Famous for her portraits of global celebrities, Roberta Diazzi has used crystals from Swarovski to create powerful portraits of her latest subjects: endangered wildcats.Roberta Diazzi’s crystallized animal art is an expression of her concern for the planet. It follows on from some impressive portraits of famous human subjects: Princess Caroline of Monaco, the late tenor Luciano Pavarotti, China’s First Lady Peng Liyuan, and the Sultan of Oman have all been painted by Diazzi. We asked her how it all came about.
What led you to your particular type of art today?
I graduated in graphics and communication in 1992. After a decade in advertising, I decided to follow my passion, which until then had been only a hobby. So I started painting in 2004 creating pop art—mainly commissioned portraits in acrylic and oil on canvas. Over the years I added other materials like iridescent mortars and resins to create works with expressive impact. What drew me to Swarovski crystals was the desire to make my art recognizable and unique. I had experimented prior to that, but nothing was as captivating and explosive as Swarovski crystals.
Today, your artworks hang on walls belonging to Princess Caroline, the late Luciano Pavarotti, China’s First Lady, and more. How did you first get your work noticed?
Word of mouth—the many people who commissioned me over the years, which caused a domino effect. I came into contact with Princess Caroline through GemlucArt, the annual art competition in Monte Carlo of which she is honorary president—GEMLUC funds medical research and patient care. My painting won the 2010 competition and was presented to the Princess, who decided to reproduce it on silk scarves and sell it to raise funds for GEMLUC. Luciano Pavarotti was a commission by an important Modena family; as a citizen of Modena, I was honored to paint the maestro and his wife Nicoletta Mantovani. The portrait of First Lady Peng Liyuan stemmed from my collaboration with leading jewelry company Luxor Gioielli: I was asked to create the portrait for its Shanghai showroom opening—this time entirely in Swarovski crystals—and later it was given to her.
We love this description of your work: “They are not so much paintings as they are mosaics of light, calibrated and re-cut to bring energy and power to the figures.” How did you discover Swarovski crystals?
I discovered Swarovski crystals after many experiments with less precious materials. I was immediately captivated by the brilliance and elegance of the colors and their capacity to reflect a thousand different shades. My technique encompasses a mix of experiences: first and foremost, mosaics—filling every space with precision and giving depth and interlocking nuances to the image. This goes hand in hand with goldsmithing, since I use very small crystals with diameters ranging from 0.5mm to 4mm.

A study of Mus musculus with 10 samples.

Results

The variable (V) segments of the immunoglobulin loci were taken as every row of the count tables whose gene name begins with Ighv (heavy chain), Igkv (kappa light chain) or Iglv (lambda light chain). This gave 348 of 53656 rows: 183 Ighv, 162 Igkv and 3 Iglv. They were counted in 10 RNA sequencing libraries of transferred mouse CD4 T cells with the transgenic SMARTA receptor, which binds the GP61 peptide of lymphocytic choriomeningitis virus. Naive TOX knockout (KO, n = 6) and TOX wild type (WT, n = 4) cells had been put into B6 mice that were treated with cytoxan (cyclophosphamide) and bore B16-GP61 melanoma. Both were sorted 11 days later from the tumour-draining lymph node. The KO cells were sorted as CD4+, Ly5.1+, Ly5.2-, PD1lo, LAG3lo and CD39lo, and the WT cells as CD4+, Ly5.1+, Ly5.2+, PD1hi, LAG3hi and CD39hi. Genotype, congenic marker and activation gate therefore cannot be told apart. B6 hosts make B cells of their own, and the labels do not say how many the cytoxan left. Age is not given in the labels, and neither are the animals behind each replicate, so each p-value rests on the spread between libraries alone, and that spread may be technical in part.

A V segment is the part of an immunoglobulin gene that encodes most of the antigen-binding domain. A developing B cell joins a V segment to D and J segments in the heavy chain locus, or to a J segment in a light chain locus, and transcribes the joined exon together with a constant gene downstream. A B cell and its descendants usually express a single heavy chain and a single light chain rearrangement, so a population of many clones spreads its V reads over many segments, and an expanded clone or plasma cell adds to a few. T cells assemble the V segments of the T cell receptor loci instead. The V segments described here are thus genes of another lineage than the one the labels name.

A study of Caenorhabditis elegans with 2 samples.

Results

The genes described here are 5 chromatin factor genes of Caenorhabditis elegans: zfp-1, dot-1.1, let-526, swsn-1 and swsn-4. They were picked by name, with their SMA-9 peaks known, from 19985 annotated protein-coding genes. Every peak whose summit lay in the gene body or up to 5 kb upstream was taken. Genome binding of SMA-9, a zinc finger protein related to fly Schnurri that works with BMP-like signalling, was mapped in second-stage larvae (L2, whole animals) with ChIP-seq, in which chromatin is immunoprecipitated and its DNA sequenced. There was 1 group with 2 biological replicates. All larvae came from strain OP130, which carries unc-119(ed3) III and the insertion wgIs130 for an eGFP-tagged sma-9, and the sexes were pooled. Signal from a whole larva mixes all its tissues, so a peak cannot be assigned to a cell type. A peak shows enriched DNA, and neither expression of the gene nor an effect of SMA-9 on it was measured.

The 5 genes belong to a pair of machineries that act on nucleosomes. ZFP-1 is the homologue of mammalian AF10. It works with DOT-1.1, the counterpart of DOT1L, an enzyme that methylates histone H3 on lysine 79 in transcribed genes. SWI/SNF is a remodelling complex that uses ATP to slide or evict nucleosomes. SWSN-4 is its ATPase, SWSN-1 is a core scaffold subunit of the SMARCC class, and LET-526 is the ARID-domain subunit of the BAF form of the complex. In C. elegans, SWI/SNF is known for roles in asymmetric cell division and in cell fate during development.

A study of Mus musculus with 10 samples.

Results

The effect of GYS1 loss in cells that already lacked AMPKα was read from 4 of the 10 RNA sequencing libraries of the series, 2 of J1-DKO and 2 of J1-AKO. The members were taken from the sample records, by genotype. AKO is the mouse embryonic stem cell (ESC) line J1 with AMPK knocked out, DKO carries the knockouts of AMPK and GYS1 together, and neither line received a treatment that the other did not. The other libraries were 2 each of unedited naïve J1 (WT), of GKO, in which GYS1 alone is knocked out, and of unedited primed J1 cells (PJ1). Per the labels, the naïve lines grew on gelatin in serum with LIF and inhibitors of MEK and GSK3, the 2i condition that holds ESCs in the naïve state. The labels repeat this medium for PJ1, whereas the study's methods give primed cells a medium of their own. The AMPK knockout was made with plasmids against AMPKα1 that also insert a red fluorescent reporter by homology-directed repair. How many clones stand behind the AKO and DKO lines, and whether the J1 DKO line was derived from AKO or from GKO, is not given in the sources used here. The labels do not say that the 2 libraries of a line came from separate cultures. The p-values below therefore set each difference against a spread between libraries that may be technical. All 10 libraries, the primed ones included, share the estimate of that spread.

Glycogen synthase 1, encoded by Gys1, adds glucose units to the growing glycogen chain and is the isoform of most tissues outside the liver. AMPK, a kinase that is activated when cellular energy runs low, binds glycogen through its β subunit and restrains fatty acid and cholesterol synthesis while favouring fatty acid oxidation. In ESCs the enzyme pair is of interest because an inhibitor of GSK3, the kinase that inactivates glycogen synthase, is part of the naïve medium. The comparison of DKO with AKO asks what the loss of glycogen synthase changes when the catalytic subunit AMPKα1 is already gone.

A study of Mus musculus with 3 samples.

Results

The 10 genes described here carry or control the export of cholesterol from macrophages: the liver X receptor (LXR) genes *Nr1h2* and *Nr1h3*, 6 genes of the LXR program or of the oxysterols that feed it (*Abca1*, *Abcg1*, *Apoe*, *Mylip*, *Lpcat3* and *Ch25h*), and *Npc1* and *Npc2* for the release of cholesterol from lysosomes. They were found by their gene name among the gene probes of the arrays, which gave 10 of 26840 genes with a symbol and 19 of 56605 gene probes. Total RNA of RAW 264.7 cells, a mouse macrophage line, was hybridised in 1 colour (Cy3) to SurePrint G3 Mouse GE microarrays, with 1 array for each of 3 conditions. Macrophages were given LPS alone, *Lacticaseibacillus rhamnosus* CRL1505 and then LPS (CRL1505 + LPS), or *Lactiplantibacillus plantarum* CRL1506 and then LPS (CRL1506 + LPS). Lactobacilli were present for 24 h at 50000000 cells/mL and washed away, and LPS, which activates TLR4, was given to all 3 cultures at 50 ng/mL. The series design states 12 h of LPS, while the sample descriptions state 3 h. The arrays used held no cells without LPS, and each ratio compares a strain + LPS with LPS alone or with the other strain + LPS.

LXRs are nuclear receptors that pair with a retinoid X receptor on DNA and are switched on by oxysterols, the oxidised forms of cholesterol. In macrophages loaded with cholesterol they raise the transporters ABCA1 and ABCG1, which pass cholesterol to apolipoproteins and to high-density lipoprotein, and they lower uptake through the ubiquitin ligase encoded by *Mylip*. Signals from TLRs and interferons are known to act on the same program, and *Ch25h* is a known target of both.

You use black Plexiglass—how do crystals perform on this the type of surface?
Black Plexiglass is fundamental to my work, because black is the only color capable of fully showing the brilliance of Swarovski crystals’ colors. I prefer monochromatic crystals in shades of white through to gray. I can always find the right colors for the piece, because the range is so wide.
With this series of animal likenesses, were you sending an environmental message, or was it simply the majesty of these creatures that captivated you?
Yes, both. The majesty and beauty of these animals have always captivated me. I truly admire the perfection that only nature can provide.
You speak of being influenced by the Old Masters—and, indeed, some of the more recent Pop Art names, such as Andy Warhol and Roy Lichtenstein. Who in particular has influenced you, and what aspects of their art have you tried to incorporate in your own work?
The influence of the Old Masters belongs to the first part of my career, just after I graduated. The pop art portraits, although technically very different from Andy Warhol’s, have a strong appeal for me. So does the synthesis of graphic design and bold use of color inspired by Roy Lichtenstein—they can be seen in some of my landscapes.
Talk us through the actual creative process that you follow.
Creating these artworks is extremely difficult. Many steps go into completing the image, and they determine the complexity. I can only say that it takes about ten steps to complete one of my paintings. Each work is like my child. I spend many hours working on it—even as much as a month and a half for larger works—and at the end it becomes a part of me. When I sell one I’m sometimes a little sad to know that I won’t see it again!
What lies ahead?
There are many ideas floating around. It’s essential to take one small step at a time so that I can grow with confidence. I still have an unpublished portrait that I would like you to exhibit… It’s one of my most exciting works because of the greatness of the person—the Sultan of Oman, Qaboos bin Said Al Said. It’s made using 46,100 Swarovski crystals of various shades. A commission arrived from a government minister in Muscat who had seen my work at a fair and decided to commission a portrait to give to the Sultan. It’s very satisfying to know that one of my works will be hanging in a magnificent palace!